The University of Zambia Student Union (UNZASU) has condemned the move by UNZA Management and the Ministry of Higher Education to introduce E-learning amidst the Covid-19 pandemic.

According to the submission made by the Student Union to the Ministry, E- learning is not feasible as many factors hinder the success of this improvision because the University is a pro-poor institution.

UNZASU President Shadrick Mumba explained that many students depend on bursary for survival in school and since during this period they will not be given allowances, students will not be able to buy bundles on a weekly basis that would give them access to E-learning.

Additionally, Mr. Mumba said that many students are not yet registered, which defeats the purpose of the improvison as only registered students will be able to access the E-learning platform.

E-learning will only serve its intended purpose if it is inclusive by being readily accessible to all students and in the process leaving no one behind,

he said.

He further said that other factors like poor internet connectivity in most parts of the country, lack of face to face interactions between students and lecturers, inconsideration of special needs students as well as load shedding all pose a threat to the success of E-learning.

A student at UNZA with special needs Boniface Mukopa explained that him being visually impaired translates into him entirely depending on other people to access E-learning.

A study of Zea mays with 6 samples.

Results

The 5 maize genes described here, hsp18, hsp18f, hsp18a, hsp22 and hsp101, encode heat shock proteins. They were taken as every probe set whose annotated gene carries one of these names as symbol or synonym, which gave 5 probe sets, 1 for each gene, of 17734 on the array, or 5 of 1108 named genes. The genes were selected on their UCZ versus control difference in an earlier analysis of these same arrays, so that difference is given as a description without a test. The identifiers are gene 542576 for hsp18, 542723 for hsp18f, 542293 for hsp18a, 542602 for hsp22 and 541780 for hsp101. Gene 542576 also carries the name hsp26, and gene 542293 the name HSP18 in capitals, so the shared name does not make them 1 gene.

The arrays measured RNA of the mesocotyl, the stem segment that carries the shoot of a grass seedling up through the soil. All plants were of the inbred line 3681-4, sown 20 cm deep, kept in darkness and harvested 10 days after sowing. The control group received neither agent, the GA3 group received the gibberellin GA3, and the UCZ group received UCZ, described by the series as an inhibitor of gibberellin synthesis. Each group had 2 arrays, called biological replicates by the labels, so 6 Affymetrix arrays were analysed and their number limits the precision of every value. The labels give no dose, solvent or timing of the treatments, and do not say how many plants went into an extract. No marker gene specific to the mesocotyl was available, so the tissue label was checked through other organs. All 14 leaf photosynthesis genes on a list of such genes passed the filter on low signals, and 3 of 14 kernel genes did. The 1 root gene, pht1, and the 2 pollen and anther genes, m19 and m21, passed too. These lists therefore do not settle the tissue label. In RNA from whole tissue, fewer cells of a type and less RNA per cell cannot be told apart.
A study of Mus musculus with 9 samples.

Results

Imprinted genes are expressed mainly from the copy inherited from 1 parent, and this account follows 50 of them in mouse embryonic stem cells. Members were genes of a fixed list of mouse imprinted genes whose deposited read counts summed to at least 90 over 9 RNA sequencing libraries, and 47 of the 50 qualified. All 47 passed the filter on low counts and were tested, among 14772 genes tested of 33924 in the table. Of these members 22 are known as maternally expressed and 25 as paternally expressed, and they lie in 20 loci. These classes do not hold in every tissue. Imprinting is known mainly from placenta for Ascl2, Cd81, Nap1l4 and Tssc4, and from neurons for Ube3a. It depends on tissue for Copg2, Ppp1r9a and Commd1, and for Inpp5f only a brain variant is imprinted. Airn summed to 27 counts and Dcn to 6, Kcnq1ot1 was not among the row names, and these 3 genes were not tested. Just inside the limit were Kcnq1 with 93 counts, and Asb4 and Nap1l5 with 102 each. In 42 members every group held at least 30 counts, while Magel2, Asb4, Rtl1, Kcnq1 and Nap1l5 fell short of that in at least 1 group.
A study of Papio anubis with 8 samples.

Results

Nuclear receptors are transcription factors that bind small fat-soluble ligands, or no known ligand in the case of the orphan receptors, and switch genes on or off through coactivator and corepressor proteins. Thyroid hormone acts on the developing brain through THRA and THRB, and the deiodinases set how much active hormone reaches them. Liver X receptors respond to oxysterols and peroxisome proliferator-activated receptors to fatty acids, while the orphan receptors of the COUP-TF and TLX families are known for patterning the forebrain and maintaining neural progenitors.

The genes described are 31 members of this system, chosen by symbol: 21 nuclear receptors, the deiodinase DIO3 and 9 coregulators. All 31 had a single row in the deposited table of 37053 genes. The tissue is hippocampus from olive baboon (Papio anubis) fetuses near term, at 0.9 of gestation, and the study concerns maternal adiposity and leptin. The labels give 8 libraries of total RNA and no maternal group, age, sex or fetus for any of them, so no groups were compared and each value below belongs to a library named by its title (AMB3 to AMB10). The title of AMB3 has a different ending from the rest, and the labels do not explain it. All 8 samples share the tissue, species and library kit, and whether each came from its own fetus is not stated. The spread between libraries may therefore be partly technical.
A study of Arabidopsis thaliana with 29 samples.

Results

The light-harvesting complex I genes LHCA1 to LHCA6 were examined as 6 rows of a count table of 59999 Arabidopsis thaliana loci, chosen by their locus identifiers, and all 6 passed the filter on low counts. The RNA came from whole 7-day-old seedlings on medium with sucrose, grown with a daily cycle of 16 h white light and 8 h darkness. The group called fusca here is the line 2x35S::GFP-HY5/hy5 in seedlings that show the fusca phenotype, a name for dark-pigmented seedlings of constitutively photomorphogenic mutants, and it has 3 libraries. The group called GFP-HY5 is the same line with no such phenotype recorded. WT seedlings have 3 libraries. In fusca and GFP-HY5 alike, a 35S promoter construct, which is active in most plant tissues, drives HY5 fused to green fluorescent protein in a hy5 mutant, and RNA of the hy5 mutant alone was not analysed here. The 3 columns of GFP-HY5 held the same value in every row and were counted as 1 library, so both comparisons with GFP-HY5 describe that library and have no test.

“I have to depend on my peers for information whether right or wrong which defeats the whole purpose of learning online,” said Mukopa.

Additionally, a student from the School of Education Zack Mulinde said that University management has not done much as far as awareness is concerned.

“Most of us are hearing E-learning for the first time which should not be the case. Us not knowing much about the platform makes it even harder to operate,” Mulinde said.

And a School of Engineering student Tonga Meja explained that the course requires them to carry out labs from workshops which will only remain in theory if E-learning proceeds.

Meanwhile, UNZA fourth year student in the Department of Media and Communication Studies Chilufya Makasa agrees with the Union because he feels it is not fair for only a small percentage of students to access the improvison while others suffer due to circumstances beyond their control.

Mr. Makasa further explained that in as much as it is understandable that government is trying to cushion the education shock the country is most likely to face, other factors have to be put into consideration to ensure that no one is left behind.